Unexplained Aches And Pains?

Ever felt tired and achy all over, all the time, especially at the neck, shoulders, back, hips, arms or legs? These parts of your body, known as ‘tender points’ (see image), hurt even when touched. Yet, tests at the doctor’s clinic show that there is nothing wrong with your body. 

Before you start thinking that the pain is all in your mind, perhaps you should ask your doctor whether you have fibromyalgia.


Fibromyalgia (FM) is a chronic pain illness characterised by widespread muscular aches, pain and stiffness, soft tissue tenderness, general fatigue and sleep disturbances.

People with fibromyalgia may have other symptoms, such as headaches, tingling or numbness in hands and feet, painful menstrual periods and problems with thinking and memory, sometimes called “fibro fog.”

The pain and fatigue can be so overwhelming that it disrupts daily life such as getting out of bed and going to work. The pain gets worse with cold/humid weather, non-restorative sleep, physical and mental fatigue, excessive physical activity, physical inactivity, anxiety and stress.

Other symptoms may include irritable bowel and bladder, restless legs syndrome (periodic limb movement disorder), skin sensitivity and rashes, dry eyes and mouth, anxiety, depression, ringing in the ears, dizziness, vision problems, Raynaud’s Syndrome, neurological symptoms and impaired coordination.

All these symptoms wax and wane over time, making diagnosis even more difficult.



Muscular pains are felt particularly when the patient is doing repetitive activities. Consequently, many patients limit their activities including exercise routines. This makes them physically unfit, which aggravates their fibromyalgia symptoms.

Fibromyalgia can affect anyone, with the highest percentage found in middle-aged women. More women get fibromyalgia compared to men, with an approximate ration of 20:1.

People with rheumatoid arthritis, ankylosing spondylitis, Systemic lupus erythematosus (lupus) and other autoimmune diseases are particularly likely to develop fibromyalgia.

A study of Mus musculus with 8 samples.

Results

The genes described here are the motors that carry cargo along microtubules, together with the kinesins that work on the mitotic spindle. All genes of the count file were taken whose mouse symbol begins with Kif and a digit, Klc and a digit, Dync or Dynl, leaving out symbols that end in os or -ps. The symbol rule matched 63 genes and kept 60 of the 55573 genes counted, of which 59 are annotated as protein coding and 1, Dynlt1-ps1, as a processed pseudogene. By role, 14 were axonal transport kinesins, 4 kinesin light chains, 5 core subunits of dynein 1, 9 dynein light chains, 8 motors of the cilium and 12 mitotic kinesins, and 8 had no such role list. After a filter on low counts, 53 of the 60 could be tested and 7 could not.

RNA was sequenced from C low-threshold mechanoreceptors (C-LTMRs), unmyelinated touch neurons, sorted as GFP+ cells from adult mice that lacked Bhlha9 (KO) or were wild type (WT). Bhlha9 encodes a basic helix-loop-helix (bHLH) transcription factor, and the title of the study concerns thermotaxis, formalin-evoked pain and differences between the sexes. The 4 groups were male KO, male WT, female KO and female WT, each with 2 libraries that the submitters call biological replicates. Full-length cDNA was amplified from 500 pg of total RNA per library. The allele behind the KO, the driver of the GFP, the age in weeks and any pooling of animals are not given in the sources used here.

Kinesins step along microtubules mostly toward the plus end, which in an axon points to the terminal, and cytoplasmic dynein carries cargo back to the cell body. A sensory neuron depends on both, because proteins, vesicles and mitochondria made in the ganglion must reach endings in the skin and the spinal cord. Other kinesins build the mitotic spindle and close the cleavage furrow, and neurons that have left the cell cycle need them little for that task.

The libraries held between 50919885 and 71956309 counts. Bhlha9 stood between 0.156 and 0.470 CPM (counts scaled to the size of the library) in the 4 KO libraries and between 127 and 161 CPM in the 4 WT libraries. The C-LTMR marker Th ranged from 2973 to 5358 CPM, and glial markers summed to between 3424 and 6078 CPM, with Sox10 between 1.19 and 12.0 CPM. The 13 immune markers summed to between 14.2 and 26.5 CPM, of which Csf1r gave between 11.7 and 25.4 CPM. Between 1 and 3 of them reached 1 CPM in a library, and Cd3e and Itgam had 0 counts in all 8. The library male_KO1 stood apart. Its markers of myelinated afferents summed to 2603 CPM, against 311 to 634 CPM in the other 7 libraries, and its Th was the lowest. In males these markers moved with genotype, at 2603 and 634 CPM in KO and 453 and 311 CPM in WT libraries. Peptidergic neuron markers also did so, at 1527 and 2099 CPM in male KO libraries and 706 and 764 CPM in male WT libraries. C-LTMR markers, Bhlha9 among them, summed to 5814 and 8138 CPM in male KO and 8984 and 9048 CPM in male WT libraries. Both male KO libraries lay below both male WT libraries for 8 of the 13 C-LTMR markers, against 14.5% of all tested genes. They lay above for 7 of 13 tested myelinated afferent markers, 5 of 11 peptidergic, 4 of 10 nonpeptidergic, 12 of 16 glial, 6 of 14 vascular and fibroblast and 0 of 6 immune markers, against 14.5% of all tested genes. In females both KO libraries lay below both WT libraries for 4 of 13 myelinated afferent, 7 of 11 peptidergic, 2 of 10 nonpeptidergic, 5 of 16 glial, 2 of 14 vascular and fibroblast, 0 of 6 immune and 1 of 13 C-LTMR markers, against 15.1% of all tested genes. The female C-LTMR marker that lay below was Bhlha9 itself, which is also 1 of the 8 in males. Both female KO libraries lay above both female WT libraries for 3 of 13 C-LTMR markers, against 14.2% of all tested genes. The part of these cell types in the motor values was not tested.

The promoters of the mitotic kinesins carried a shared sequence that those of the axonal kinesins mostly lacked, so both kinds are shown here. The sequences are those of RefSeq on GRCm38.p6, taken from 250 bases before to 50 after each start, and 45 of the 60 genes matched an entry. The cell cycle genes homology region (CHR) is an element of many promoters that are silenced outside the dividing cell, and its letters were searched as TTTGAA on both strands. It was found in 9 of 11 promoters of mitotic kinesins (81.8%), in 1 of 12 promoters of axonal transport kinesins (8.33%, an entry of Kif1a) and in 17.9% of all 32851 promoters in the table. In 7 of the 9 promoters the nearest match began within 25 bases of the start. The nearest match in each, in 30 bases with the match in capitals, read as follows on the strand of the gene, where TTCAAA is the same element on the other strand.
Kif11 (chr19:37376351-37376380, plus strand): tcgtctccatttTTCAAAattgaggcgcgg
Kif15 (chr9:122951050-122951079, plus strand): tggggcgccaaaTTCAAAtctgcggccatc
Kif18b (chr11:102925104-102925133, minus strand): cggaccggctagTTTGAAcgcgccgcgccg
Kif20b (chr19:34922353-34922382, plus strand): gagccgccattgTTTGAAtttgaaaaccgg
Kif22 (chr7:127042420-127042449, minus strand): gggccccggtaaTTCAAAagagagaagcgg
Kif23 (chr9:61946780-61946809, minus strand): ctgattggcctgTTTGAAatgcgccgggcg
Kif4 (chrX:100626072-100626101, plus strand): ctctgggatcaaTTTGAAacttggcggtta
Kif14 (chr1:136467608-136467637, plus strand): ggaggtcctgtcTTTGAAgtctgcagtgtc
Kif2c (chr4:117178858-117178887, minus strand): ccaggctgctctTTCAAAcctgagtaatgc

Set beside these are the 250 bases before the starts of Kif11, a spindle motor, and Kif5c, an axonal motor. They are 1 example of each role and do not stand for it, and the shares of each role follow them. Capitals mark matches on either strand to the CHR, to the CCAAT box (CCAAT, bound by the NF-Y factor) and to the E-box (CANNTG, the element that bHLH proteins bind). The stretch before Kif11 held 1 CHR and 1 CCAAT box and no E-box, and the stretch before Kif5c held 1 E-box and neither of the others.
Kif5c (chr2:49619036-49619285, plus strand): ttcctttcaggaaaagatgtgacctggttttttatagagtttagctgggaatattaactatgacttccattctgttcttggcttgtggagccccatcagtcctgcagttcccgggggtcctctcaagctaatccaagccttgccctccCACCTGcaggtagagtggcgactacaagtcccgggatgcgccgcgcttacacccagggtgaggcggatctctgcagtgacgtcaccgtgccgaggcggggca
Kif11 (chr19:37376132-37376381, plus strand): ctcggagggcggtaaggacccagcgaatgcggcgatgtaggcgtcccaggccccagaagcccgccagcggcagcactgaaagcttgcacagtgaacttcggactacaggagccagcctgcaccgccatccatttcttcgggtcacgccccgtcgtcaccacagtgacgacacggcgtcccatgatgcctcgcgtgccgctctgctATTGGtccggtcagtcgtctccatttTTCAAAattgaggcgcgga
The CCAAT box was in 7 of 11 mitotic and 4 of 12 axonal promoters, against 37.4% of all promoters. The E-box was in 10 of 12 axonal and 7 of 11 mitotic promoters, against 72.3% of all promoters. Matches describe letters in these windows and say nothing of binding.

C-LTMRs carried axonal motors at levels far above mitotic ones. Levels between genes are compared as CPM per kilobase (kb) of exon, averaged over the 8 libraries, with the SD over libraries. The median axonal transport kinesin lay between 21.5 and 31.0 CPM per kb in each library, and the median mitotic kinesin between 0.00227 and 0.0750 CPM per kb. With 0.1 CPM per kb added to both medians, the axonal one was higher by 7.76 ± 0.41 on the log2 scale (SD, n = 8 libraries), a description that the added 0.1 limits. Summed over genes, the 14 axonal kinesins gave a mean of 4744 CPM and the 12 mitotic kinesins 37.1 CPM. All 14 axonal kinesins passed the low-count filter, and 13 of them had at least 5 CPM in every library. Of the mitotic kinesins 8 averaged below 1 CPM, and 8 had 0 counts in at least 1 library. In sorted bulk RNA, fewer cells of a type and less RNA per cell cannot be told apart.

Although many fibromyalgia patients are aware of pain when they are resting, it is most noticeable when they use their muscles. Their discomfort can be so severe it may significantly limit their ability to perform everyday tasks.



Fibromyalgia has no known causes, although scientists have found it to be linked to traumatic events such as car accidents, repetitive injuries and illness. A strong genetic link is also found to be a contributing factor.

Researchers also know that Fibromyalgia happens as a result of physiological abnormalities in the spinal cord, thalamus region of the brain and HPA axis.

Abnormal sensory processing in the central nervous system increases the experience of pain in people with fibromyalgia, making it many times worse.



The major challenge for patients is getting a correct diagnosis. As there are no laboratory tests to diagnosing fibromyalgia, doctors must rely on thorough clinical examination comprising the patient’s medical history, description of symptoms, a physical examination and a tender point examination.

According to the American College of Rheumatology (ACR), the criteria must include widespread pain in all four quadrants of the body for a minimum duration of three months and tenderness or pain in at least 11 of the 18 specified tender points when pressure is applied

There is no specfic cure for fibromyalgia, but you can adopt measures that make you feel better. Here are some tips:

1) Find an emphatic doctor

When blood tests and x-rays show normal results, many doctors will start telling you that you have a psychological problem. Seek second or third opinions until you find a doctor who is familiar with fibromyalgia and can emphatise with your pain.

2) Manage your pain

Pain-relief medications such asacetaminophen or ibuprofen may be effective in keeping your pain under control. Antidepressants and injections into tender points may also work well. A regular programme of gentle exercise and stretching to maintain muscle tone and reduce stiffness is also recommended.

3) Get enough sleep

A healthy sleep regimen – such as going to bed and getting up at the same time every day; making sure that the sleeping environment is conducive to sleep, avoiding caffeine, sugar, and alcohol before bed- will help relieve daytime tiredness.  Sleep medications are recommended only for chronic cases where patients cannot sleep due to restless legs syndrome or periodic limb movement disorder.

4) Social support

Psychological and emotional support is essential for fibromyalgia patients. Patients need to communicate regularly with friends and family or seek counseling services if they are beginning to withdraw from society.

5) Complementary therapies

Therapies that help to relax the mind and body can help. Try physical therapy, therapeutic massage, water therapy, light aerobics, acupressure, hot or cold application, acupuncture, yoga, relaxation exercises, breathing techniques, aromatherapy, cognitive therapy or chiropractic.

6) Have good nutrition

Maintain a well-balanced diet and check with your doctor whether you need any nutritional supplements. Eating well will improve your general well-being and help you manage your symptoms better.

7) Make lifestyle changes

Find out what makes the pain worse, such as certain repetitive movements, and avoid them or pace yourself when you are doing them to avoid over-straining yourself. You may need to consider changing jobs or slowing down your pace of work if your symptoms are severe.